Artigo em Inglês | MEDLINE | ID: mdl-32060424


The microbiota colonizing the root endophytic compartment and surrounding rhizosphere soils contribute to plant growth and health. However, the key members of plant soil and endophytic microbial communities involved in inhibiting or assisting pathogen invasion remain elusive. By utilizing 16S high-throughput sequencing and a molecular ecological network (MEN) approach, we systematically studied the interactions within bacterial communities in plant endophytic compartments (stem and root) and the surrounding soil (bulk and rhizosphere) during bacterial wilt invasion. The endophytic communities were found to be strongly influenced by pathogen invasion according to analysis of microbial diversity and community structure and composition. Endophytic communities of the infected plants were primarily derived from soil communities, as assessed by the SourceTracker program, but with rare migration from soil communities to endophytic communities observed in healthy plants. Soil and endophytic microbiomes from infected plants showed modular topology and greater complexity in network analysis, and a higher number of interactions than those in healthy plants. Furthermore, interactions among microbial members revealed that pathogenic Ralstonia members were positively correlated with several bacterial genera, including Delftia, Stenotrophomonas, Bacillus, Clostridium XlVa, Fontibacillus, Acidovorax, Herminiimonas, and three unclassified bacterial genera, in infected plant roots. Our findings indicated that the pathogen invasion in the rhizosphere and endophytic compartments may be highly associated with bacteria that are normally not detrimental, and sometimes even beneficial, to plants.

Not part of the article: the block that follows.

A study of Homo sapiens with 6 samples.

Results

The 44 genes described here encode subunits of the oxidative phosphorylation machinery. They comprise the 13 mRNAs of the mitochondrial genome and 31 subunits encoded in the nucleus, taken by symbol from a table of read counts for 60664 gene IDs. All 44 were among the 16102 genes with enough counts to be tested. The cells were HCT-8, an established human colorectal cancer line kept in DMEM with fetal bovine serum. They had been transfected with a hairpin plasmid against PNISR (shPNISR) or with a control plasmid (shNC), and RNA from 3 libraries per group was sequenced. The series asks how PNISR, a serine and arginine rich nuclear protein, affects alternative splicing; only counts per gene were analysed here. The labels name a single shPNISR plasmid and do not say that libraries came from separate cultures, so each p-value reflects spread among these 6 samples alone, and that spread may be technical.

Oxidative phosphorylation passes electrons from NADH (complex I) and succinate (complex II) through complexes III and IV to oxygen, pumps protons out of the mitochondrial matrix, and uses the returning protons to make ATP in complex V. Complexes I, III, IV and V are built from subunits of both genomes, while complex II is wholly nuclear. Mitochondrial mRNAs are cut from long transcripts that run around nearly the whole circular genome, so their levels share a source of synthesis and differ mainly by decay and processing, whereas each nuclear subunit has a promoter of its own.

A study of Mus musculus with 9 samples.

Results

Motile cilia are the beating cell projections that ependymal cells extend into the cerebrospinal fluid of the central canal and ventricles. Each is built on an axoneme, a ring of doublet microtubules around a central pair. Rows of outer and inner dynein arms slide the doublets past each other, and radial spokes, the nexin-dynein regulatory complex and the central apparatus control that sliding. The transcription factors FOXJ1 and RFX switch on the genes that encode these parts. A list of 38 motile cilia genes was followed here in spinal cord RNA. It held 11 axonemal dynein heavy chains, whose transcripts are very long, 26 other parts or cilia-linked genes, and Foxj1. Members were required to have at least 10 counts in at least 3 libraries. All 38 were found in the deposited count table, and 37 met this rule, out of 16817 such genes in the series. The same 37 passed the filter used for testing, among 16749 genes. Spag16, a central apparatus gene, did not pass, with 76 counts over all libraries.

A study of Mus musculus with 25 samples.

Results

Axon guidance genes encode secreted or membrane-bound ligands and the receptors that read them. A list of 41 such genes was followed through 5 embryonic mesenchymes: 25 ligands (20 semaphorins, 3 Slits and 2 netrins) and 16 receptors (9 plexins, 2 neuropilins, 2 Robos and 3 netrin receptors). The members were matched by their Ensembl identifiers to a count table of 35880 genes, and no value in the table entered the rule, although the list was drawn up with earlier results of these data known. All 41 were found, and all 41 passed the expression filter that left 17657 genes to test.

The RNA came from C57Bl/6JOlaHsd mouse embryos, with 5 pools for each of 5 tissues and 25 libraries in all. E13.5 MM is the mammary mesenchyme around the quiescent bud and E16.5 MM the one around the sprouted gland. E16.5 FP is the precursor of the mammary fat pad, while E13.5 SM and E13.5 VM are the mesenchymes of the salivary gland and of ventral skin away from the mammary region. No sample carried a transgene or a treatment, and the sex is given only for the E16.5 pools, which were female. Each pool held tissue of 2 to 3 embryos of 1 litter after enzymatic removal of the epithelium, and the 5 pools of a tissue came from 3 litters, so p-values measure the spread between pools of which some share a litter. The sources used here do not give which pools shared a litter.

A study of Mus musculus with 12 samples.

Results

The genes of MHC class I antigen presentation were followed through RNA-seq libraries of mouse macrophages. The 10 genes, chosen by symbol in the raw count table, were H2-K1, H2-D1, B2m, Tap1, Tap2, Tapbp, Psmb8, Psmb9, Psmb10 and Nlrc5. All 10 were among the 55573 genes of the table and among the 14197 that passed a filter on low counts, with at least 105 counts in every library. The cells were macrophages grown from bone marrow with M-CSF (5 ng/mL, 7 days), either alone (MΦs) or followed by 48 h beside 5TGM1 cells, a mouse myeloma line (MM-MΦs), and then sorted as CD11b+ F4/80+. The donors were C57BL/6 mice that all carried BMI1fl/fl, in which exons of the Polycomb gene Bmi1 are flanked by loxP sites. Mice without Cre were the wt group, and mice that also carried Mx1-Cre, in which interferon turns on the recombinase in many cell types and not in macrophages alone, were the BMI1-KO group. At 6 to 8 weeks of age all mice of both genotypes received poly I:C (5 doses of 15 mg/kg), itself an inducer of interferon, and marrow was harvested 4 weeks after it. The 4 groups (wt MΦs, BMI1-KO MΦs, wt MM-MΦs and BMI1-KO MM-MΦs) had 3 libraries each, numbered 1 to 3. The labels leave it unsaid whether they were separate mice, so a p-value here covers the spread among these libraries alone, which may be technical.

Plant Physiol Biochem ; 146: 259-268, 2020 Jan.
Artigo em Inglês | MEDLINE | ID: mdl-31778931


The HD-ZIP Ⅳ transcription factors have been identified and functional characterized in many plant species. However, no tobacco HD-ZIP IV gene has been isolated, and it is not yet known whether HD-ZIP IV genes are involved in controlling flavonols accumulation in plants. Here, we cloned a HD ZIP gene named NtHDG2 from Nicotiana tabacum, which belongs to the class IV of HD-ZIP family, and the NtHDG2-GFP fusion protein is localized to the nucleus. We further observed that the flavonols contents in the NtHDG2 overexpression leaves increase to 1.9-4.5 folds of that in WT plants, but in the NtHDG2-RNAi plants the flavonols contents reduce to 20.9%-52.7% of that in WT plants. The transcriptions of one regulatory gene NtMYB12, and three structural genes (NtPAL, NtF3'H, NtF3GT), contributing to flavonols biosynthesis, were significantly induced by NtHDG2. However, the transcription level of NtNAC002, a flavonols biosynthesis repressor, was also significantly up-regulated in NtHDG2-overexpression lines, but significantly down-regulated in the RNAi lines, indicating that HDG2 regulates the synthesis of flavonols as a complex regulatory network. Moreover, ectopic expression of NtHDG2 gene promoted the transcription of several AP2/ERF genes, including NtERF1-5, NtERF109, NtDREB1, and NtCIPK11, which participate in regulating root development and resistance to abiotic stresses. Our findings reveal the new function of HD-ZIP IV transcription factors in flavonoids biosynthesis, and indicate that HD-ZIP IV members may play an important role in plant resistance to abiotic stress. The NtHDG2 gene provides a promising target for genetically manipulating to increase the amounts of flavonols in tobacco leaves.